Smith3 – by Steven B. Smith
I like to call this image Blue Brahma
When I initially conceived of this favorite poets series, Smith was one of the first folks to come to mind. I stumbled across him for the first time, oddly enough, while I was doing my Weekend Tao Te Ching blog series on MySpace last year. Looking for more male friends with similar interests in the area, as well as hoping to boost my readership, I searched for “Tao Te Ching Cleveland” on MySpace and Smith’s profile was the first to pop up. Checking out his site, I was awed by his collage art, intrigued by his colorful (even chequered) history and brilliant photography, and especially fascinated by his daily blogs about his life and travels with his übertalented wife and partner in ArtCrime Lady K. It took a little more exploring before I discovered his poetry – a rich mind mine, and (by design or not) a minefield to keep bullshit at bay. Smith’s “work,” in all senses of the word, is consistently bold and original. And though his poems can be quite playful, they are always powerfully profound. Even his prose and “fotos” (he seems to prefer the more sensible Spanish spelling) speak (and reek of) pure poetry. He also strikes me as one of the most honest, ethical men I know.
When Smith and Lady stayed in our home last year, my wife and I were impressed by how “down to earth” and real they seemed. I remember the four of us communing over Geri’s chocolate fondue fountain, Smith’s ability to communicate wordlessly with our dogs (who loved him), and then my waking up the next morning to make coffee and discovering Smith and Lady at our dining room table brewing poetic potions of their own out of el sol de mañana (the morning sun). I say it in Spanish not because they now live in Oaxaca, Mexico, but because mañana can mean “tomorrow,” too, and sol (sun) always reminds me of the English word “soul.” Not just that morning at my house, but every day in their “real” dream lives, they make poetry out of morning sun-stuff, as well as the world’s night-dark flip side and the past, present, and “soul of tomorrow” both inside and out of each of us – often without even writing a word. Their lives are poetry.
Here is one of my favorite Smith poems, snatched from his website (www.agentofchaos.com) with his permission:
It aint age.
It ain’t sex.
It ain’t race, religion, height,
gender, color, class or learning.
It’s path, progress and position.
The road not not taken.
Be here now.
o eyes unseeing
o ears unearned.
We’re all perfect potential
cept maybe republicans, lawyers,
the true organized crime called police
the true whores called priests.
You can walk on water IF water wants.
There ain’t no dark night’s ungentle light.
Ain’t nothing outside but lies.
But even lie true ain’t for you.
Don’t need no god.
No catholic pimp pushing blood feast.
My lie’s mine.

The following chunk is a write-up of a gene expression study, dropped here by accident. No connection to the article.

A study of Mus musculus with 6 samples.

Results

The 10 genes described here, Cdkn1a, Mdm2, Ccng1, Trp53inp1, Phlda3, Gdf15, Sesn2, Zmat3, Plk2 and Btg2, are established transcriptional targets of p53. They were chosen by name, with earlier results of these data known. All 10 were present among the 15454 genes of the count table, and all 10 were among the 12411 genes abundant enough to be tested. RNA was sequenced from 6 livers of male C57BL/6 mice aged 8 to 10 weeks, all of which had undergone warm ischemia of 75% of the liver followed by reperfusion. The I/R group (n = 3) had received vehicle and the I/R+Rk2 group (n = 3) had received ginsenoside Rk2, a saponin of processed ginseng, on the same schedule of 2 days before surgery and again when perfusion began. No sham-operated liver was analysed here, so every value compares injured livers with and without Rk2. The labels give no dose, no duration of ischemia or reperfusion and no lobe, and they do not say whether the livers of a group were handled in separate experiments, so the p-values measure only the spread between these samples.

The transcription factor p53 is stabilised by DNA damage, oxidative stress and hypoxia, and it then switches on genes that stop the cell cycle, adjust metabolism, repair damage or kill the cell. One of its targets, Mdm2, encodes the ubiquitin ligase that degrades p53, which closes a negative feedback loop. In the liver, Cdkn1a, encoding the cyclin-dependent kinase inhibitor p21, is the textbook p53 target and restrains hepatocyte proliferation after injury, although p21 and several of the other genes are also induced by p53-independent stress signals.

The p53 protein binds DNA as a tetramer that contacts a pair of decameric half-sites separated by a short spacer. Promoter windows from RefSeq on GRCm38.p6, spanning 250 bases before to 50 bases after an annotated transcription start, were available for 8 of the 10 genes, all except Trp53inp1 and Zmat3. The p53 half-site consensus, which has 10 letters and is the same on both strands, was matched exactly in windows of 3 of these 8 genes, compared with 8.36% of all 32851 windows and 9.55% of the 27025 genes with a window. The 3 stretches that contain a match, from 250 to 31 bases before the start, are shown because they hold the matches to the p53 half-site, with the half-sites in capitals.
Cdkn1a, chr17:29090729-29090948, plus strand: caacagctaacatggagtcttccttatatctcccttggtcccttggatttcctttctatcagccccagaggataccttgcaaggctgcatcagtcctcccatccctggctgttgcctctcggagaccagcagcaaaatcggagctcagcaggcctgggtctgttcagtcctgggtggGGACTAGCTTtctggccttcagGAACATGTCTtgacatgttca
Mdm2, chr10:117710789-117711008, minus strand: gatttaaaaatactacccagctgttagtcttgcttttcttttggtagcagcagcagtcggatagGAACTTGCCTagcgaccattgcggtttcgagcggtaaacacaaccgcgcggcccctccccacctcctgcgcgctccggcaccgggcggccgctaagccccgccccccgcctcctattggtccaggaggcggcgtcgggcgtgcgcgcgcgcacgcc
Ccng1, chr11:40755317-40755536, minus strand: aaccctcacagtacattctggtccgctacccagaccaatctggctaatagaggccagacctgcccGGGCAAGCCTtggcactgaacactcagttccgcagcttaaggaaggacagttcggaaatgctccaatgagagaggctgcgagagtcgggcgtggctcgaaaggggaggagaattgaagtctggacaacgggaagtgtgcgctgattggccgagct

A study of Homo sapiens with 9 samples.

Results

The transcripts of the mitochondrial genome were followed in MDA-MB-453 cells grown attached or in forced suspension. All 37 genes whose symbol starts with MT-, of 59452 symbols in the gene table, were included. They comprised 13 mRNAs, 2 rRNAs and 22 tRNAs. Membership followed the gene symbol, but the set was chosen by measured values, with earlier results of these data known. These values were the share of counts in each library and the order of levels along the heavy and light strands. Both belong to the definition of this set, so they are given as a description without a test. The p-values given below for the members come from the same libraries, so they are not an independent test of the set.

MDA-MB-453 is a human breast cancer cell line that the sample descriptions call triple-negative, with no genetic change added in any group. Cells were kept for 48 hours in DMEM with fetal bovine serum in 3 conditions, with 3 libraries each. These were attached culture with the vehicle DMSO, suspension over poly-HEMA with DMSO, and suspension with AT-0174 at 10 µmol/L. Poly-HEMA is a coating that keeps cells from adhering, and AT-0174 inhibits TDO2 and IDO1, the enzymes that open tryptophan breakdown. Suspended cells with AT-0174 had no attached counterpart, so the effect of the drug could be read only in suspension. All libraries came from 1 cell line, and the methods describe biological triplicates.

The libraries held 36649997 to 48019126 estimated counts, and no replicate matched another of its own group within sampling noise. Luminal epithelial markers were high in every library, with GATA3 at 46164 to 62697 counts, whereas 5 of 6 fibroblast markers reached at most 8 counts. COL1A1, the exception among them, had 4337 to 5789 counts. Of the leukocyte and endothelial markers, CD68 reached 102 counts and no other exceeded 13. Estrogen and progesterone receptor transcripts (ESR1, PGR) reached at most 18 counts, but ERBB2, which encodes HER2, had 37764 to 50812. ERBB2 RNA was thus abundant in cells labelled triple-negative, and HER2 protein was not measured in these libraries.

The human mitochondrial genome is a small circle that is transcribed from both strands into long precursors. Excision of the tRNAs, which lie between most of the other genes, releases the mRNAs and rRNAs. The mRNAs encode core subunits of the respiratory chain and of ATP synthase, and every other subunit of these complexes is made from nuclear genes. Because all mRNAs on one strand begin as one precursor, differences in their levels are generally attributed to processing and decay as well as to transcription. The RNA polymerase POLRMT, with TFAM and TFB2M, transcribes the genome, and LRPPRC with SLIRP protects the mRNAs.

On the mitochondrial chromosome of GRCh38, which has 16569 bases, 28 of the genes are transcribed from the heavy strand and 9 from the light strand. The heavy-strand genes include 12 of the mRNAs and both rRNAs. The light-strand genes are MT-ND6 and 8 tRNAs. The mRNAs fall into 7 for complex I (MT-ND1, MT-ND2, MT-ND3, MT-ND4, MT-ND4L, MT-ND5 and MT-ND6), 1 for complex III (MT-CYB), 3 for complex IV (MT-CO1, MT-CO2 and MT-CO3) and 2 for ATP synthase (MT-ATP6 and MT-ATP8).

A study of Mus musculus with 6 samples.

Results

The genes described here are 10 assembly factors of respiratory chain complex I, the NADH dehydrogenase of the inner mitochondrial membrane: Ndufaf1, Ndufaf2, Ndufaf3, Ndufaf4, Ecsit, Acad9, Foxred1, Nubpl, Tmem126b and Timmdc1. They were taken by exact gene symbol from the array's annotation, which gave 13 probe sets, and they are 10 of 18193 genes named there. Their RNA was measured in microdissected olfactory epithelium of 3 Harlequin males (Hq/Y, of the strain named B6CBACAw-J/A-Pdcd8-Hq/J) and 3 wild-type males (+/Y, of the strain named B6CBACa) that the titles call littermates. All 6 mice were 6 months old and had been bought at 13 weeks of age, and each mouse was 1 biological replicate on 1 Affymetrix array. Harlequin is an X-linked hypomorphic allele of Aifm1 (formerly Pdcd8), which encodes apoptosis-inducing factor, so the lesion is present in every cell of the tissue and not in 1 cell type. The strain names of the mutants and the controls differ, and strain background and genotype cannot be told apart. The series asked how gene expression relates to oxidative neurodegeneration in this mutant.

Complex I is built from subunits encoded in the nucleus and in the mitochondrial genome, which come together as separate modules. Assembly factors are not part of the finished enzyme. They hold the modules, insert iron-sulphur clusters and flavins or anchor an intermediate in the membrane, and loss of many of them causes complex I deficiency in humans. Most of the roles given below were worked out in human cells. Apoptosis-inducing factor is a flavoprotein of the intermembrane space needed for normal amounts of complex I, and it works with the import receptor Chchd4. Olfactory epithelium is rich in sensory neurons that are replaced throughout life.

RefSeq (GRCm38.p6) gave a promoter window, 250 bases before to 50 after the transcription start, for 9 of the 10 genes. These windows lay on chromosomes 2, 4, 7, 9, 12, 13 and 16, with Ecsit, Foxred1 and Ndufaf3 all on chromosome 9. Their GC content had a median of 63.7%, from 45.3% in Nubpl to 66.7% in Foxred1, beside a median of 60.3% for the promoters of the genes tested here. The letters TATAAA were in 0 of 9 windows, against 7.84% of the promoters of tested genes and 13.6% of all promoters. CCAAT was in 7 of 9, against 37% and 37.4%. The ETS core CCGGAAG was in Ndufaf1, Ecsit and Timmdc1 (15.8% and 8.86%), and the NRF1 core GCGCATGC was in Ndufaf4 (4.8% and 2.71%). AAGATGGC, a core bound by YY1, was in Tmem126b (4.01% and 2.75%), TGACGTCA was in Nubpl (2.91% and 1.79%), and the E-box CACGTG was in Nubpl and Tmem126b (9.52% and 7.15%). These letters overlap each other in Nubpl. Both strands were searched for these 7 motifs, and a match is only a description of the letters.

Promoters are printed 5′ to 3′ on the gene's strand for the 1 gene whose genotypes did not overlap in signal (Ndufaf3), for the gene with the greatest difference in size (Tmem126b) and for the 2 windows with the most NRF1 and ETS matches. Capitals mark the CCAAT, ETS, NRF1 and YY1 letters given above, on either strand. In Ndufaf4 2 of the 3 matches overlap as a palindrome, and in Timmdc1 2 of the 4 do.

Walk my own walk.
Fuck the talk.
Grasshoppers gone wrong become ants.
Bad ants cry uncle, cry wolf, cry baby.
Goats goad sacrifice to sun.
Ritual requires repetition, release.
Nothing stays river’s run
but drought’s dry dirt
(and river still runs).
Rub your ears together.
Start a fire.
Let gone go.
* * *
It’s interesting that I found Smith while looking for the Tao Te Ching, because in many ways he is now living the Tao – comfortable and confident flowing with the flux and talking life as it comes. Perhaps this wasn’t always true with him. But it seems so today. Meeting him was instrumental in enabling me to speak openly about my prison past (as he has done about his own). Getting to know him also played a key role in resurrecting my faith in poetry as more than just an art, much more than mere clever words on a page. And that in turn led the muse I thought was dead and long gone back to me. He may find this amusing, but I consider him a poetic father.
Smith not only writes great poetry (he wrote his first poem 44 years ago and has never stopped evolving artistically). He lives poetry, makes his life poetry, makes poetry live, and inspires poetry in others. He was recently honored by the editors of Cleveland Poetry Scenes: A Panorama and Anthology, who selected him as one of our eight most important poets born in the 1940s and included several of his finest poems. Other contributors to the volume remark throughout about Smith’s unique influence and achievements (including publishing ArtCrimes for twenty years and creating www.agentofchaos.com, recently very nicely remodeled by Lady K, which might be the largest art/poetry website in the world.
Cleveland 2004 – foto by Steven B. Smith
I like to call this image If You Meet a Cracked Buddha on the Crosswalk
I just finished reading Cleveland Poetry Scenes and believe it is a must-read for all poets and poetry lovers. Forget the Browns, Indians, LeBron James, and the Rock and Roll Hall of Fame. Cleveland is one of the best places in the world for Poetry. Smith and Lady K are two of the many great reasons why.
For more, please check out these links:
www.agentofchaos.com – thousands of pages of some of the best art and poetry you’ll find online
www.walkingthinice.com – a blog following the always-interesting adventures of Smith and Lady
http://www.deepcleveland.com/artcrimes.html – to order back issues of Smith’s ArtCrimes
http://www.myspace.com/smithcrimes – Steven B. Smith on MySpace
http://www.myspace.com/shadygravylady – Lady K on MySpace
And click here to order Cleveland Poetry Scenes from my Amazon book store.
Good news: Smith and Lady will be back in Cleveland for a week or two this month, which means you’ll have a good chance of catching them reading their poetry live. We’ll keep you posted as to where and when that might happen. And I will certainly be there and blog about it when it does.